LATEST ADDITIONS

Richard Stevenson & Paul Miller  |  May 05, 2009
The battle for supremacy at the top end of the Blu-ray player market is becoming ferocious. Players above £1000 seem to emerge weekly as big name manufacturers attempt to create a definitive statement product from which they will hang, in marketing speak, their more affordable mass-market offerings. You need to be at the cutting edge of the Blu-ray game just to keep up with the Joneses these days. FANCY AUDIO Unless you are Marantz of course.
Andrew Harrison & Paul Miller  |  May 05, 2009
It’s no exaggeration to say that dCS spearheaded – if somewhat reluctantly – the current vogue for upsampling to step-up the sound quality of the humble compact disc. Reluctantly because, as a company founded by earnest IC design engineers, the maths alone couldn’t readily predict any advantage in repackaging the disc’s audio data before conversion into analogue. But improvements were there to be heard, and now many high-end CD players feature upsampling. This may be as much to take advantage of modern DAC silicon which is optimised to work with ‘DVD era’ PCM digital, centred on a 48kHz baseline sample frequency.
John Bamford & Paul Miller  |  May 04, 2009
Before reading beyond this first paragraph, just pause for a moment to take a longer look at our photos of this gargantuan deck. Not for a long time has a product been the cause of so many ‘oohs and aahs’ in HFN’s photographic studio. In the flesh Pro-Ject’s latest turntable looks utterly gorgeous. We first spotted Pro-Ject’s new flagship, dubbed the Xtension, in January when it was unveiled at the Consumer Electronics Show in Las Vegas.
Steve Harris and Keith Howard  |  Apr 24, 2009
With the grille on, you’d guess that this was another classic British two-way speaker, though perhaps unusually well-finished. Beneath the black cloth, though, you will find just a single metal-cone driver. So is this a classic British one-way? That drive unit is the Jordan JX92, the work of a notable designer who has spent quite a big part of his long working life perfecting full-range units. Ted Jordan first heard a GEC 8in metal cone while working in the company’s radio lab in the very early 1950s.
Keith Howard  |  Apr 24, 2009
Smallest of Leema Acoustics’ six-model speaker range, the Xero really is tiny at just 220x140x205mm (hwd), its front baffle having only about half the area of this magazine’s front cover. The moulding that houses the two pairs of input sockets for the split crossover occupies much of the rear panel, with just room for a small reflex port beneath, while the minuscule bass-mid driver at the front has an effective diameter of only about 80mm – little more than three inches. So this is a speaker for people with small listening rooms or who insist on their speakers having the smallest possible footprint. To this end the Xero can be wall mounted although for best sound its manufacturer rightly recommends using sturdy floor stands.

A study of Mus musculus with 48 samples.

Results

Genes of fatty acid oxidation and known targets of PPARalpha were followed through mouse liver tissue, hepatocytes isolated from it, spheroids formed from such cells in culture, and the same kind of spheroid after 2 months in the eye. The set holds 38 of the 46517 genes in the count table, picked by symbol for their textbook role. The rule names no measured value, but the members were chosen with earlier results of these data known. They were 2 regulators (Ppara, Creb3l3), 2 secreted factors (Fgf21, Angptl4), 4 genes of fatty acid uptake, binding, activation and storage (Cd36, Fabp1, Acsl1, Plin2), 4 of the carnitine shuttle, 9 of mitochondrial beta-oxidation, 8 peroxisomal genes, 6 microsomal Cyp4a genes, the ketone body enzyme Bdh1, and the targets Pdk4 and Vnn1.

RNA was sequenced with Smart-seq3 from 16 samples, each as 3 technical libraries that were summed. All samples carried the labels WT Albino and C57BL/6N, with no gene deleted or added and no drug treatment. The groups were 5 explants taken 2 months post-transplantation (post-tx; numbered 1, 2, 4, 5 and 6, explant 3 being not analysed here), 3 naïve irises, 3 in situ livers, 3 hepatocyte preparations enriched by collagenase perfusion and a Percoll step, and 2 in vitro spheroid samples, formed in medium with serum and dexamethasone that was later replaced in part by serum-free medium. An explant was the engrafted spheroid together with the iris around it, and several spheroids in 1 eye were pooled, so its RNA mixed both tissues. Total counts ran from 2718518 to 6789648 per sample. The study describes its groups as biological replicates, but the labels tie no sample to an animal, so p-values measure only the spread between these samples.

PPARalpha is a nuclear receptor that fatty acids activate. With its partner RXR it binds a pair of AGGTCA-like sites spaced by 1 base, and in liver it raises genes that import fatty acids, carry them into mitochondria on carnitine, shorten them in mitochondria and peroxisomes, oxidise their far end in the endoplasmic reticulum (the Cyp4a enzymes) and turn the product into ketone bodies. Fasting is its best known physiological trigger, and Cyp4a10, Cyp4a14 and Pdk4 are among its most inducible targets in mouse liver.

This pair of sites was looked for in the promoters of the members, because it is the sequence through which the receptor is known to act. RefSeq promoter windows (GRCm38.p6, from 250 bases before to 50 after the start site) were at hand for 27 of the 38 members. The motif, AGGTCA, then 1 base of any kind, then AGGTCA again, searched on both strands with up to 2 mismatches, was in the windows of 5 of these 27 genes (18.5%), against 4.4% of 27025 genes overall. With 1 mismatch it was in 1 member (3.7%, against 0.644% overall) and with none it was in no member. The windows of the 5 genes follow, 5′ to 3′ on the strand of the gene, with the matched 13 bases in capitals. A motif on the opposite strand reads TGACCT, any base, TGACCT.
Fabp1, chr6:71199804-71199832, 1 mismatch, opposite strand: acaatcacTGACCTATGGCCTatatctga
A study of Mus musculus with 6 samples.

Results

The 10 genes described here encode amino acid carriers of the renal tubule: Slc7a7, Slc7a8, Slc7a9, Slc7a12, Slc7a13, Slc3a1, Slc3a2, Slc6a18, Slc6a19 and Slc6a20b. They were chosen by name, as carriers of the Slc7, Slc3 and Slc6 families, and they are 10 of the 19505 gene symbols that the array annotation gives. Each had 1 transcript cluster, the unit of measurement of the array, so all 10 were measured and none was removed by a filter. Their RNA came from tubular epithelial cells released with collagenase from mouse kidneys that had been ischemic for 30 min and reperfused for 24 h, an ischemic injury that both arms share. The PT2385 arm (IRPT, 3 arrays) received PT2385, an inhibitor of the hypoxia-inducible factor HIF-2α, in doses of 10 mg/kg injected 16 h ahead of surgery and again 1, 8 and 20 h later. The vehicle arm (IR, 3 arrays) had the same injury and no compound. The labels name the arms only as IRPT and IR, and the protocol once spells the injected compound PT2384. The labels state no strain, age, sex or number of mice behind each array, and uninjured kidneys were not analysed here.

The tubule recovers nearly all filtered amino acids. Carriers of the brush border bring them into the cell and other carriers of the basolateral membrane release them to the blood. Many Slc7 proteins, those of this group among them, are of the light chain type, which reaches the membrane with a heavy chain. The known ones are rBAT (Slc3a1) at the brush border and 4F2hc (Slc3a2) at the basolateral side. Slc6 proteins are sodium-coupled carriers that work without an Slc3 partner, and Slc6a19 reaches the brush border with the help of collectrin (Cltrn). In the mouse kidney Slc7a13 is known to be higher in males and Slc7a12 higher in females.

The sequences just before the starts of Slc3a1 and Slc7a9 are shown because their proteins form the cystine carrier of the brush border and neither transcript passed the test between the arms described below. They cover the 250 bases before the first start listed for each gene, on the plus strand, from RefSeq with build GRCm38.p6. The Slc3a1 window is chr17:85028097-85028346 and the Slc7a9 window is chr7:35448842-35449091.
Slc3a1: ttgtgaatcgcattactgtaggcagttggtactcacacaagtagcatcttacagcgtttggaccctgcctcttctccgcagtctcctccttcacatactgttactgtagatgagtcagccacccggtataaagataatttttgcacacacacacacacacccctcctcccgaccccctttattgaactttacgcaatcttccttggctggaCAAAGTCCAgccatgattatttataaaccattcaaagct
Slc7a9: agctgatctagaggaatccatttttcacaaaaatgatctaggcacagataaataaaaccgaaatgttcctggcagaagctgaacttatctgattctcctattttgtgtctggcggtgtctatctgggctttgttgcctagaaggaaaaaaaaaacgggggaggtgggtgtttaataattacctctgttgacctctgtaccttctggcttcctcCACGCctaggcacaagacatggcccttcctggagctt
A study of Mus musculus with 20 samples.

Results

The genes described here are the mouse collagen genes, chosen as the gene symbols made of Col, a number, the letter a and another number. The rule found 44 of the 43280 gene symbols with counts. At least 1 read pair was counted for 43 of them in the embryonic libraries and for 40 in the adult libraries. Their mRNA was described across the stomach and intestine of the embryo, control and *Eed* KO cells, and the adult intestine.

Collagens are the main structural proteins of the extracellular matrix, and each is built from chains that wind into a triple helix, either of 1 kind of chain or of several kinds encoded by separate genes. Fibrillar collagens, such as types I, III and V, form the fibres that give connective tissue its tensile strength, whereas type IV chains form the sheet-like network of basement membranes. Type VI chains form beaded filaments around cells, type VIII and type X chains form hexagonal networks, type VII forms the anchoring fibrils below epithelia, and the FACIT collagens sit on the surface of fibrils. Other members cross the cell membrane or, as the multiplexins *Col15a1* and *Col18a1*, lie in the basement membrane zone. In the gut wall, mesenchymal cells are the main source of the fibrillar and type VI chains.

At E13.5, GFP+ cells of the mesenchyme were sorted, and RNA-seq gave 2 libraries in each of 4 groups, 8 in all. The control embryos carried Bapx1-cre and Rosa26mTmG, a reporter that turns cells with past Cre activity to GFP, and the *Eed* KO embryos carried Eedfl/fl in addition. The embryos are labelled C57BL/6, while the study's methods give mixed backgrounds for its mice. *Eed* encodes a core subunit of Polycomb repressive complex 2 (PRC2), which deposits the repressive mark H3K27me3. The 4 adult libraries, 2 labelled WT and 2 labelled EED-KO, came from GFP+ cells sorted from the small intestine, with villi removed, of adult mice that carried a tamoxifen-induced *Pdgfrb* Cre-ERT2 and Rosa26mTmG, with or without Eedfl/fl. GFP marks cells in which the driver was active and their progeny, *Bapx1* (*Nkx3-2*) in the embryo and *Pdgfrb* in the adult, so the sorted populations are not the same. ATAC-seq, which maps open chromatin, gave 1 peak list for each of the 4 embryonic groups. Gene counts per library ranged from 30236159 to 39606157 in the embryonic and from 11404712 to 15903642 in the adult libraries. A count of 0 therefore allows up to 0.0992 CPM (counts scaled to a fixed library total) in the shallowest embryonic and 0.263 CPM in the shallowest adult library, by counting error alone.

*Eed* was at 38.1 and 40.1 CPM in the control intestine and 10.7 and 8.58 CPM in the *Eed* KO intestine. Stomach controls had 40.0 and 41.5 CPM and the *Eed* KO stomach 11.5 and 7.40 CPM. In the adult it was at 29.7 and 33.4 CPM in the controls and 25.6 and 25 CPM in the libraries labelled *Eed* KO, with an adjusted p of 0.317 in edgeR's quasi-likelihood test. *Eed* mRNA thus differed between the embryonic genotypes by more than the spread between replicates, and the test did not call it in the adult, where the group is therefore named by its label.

Andy Whittle and Keith Howard  |  Apr 24, 2009
The latest range from Tannoy is the new Revolution Signature series, a comprehensive line of speakers that can be configured to make up a full AV system, minus an active sub. Alternatively the front pairs alone can be used separately in a high-quality two-channel system. Under scrutiny here is the DC6 T, an elegant three-way floorstander, employing twin six-inch woofers with edgewound coils. A pair will cost you £1000 in either of the light oak or espresso finishes available.
Ken Kessler and Keith Howard  |  Apr 24, 2009
Purists will never yield on the topic of full-range electrostatic vs hybrid. The reality is that ESLs need to be huge if they’re to deliver deep bass and high SPLs. So mazel tov to those who can house and afford, say, big Sound Labs. For the rest of us, hybrids are a sane compromise.
Keith Howard & Paul Miller  |  Apr 17, 2009
As the tone of my reviews of the Linn Majik DS and dCS Scarlatti Upsampler/DAC may have hinted, I am beginning to see hard disk – rather than optical disc – as my audio source of choice in the near future. If you have been thinking along similar lines, your mind may have boggled at all the different ways of achieving this. A single-box music server solution is not for me, if only because for review purposes I’m likely to require a component rather than integrated solution. And streaming players are out because I insist on having multichannel capability.
Steve Harris & Paul Miller  |  Apr 17, 2009
You might be surprised to see Leema launching a massive £20,000-plus amplifier combination now, hard on the heels of its lower-cost Pulse and Stream models. But as with everything this company does, there’s a logical progression. The Pyxis/Altair IV combination forms the heart of Leema’s long-considered reference series. ‘We needed to produce our reference system,’ says Mallory, ‘and from the outset it was always going to be monoblocks.
Richard Stevenson & Paul Miller  |  Apr 06, 2009
Yamaha’s Z11 is an amplifier of extremes. Almost every feature can be prefixed with terms like ‘most’, ‘advanced’ and ‘leading’ and the fit and finish is superb. The specification sheet is impressive and the features list is the size of the Encyclopaedia Britannica and reads like my very own wishlist of AV technology. The Z11 is right at the cutting edge of multichannel audio, HD video and multi-room technology and then goes on to incorporate a level of audiophile engineering that would compete favourably with high-end two-channel components.